By now, it has become a cherished Wichita tradition.
Each year for the past four years, an anonymous local couple has stepped forward at Christmastime to offer an unusual donation – money for gold coins. They specify the money is to be used to purchase the coins, which are then given to the agencies of their choosing.
This year, those two gold coins – each valued at $1,700 – were presented Monday morning to the Guadalupe Clinic and the Lord’s Diner.
“It is the gift that keeps on giving,” said Pam Stanberry, executive director of the Guadalupe Clinic. “In the past when we have had this happen, we put the coin into our live auction at the Winefest on April 20th and it typically gets bid upon pretty generously. It is what keeps us running.”
According to Shelly Prichard, president and CEO of the Wichita Community Foundation, the married couple “lives very simply, but has very generous hearts.”
Each year, they offer the Wichita Community Foundation a donation and request the foundation present the donation.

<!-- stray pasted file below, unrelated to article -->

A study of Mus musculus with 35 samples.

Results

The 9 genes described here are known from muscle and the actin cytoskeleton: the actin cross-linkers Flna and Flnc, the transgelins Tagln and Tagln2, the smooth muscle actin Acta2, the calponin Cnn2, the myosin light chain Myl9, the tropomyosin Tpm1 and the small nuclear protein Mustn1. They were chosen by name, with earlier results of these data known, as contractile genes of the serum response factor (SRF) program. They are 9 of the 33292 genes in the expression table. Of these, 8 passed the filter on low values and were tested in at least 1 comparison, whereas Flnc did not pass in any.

“One of the things the gentleman likes about the agencies chosen is that they maximize their gift with fiscal responsibility and are creative and innovative in how they fund the agency,” Prichard said.
The 1-ounce gold coins were purchased at Phil’s Coins on West Central.
“This is the fourth year they have done this, that’s a tradition in my book,” Prichard said. “And one, we hope that will continue.”
The donations are win-win for everybody, said Jan Haberly, director of the Lord’s Diner.
“This is somebody who understands what we do and are giving back to the community,” Haberly said. “What this means to us is that it can provide the funding for two evening meals. We served over 800 people several nights last week. With that kind of support, we can keep going.”
The Guadalupe Clinic provides medical care to people who don’t have medical insurance through volunteer nurses and doctors and other technicians.
The Lord’s Diner feeds the hungry every day of the year with the help of volunteers.
“The generosity of the donors and the humbleness with which they make the gift is overwhelming,” Prichard said. “The donors don’t want thanks or glory.”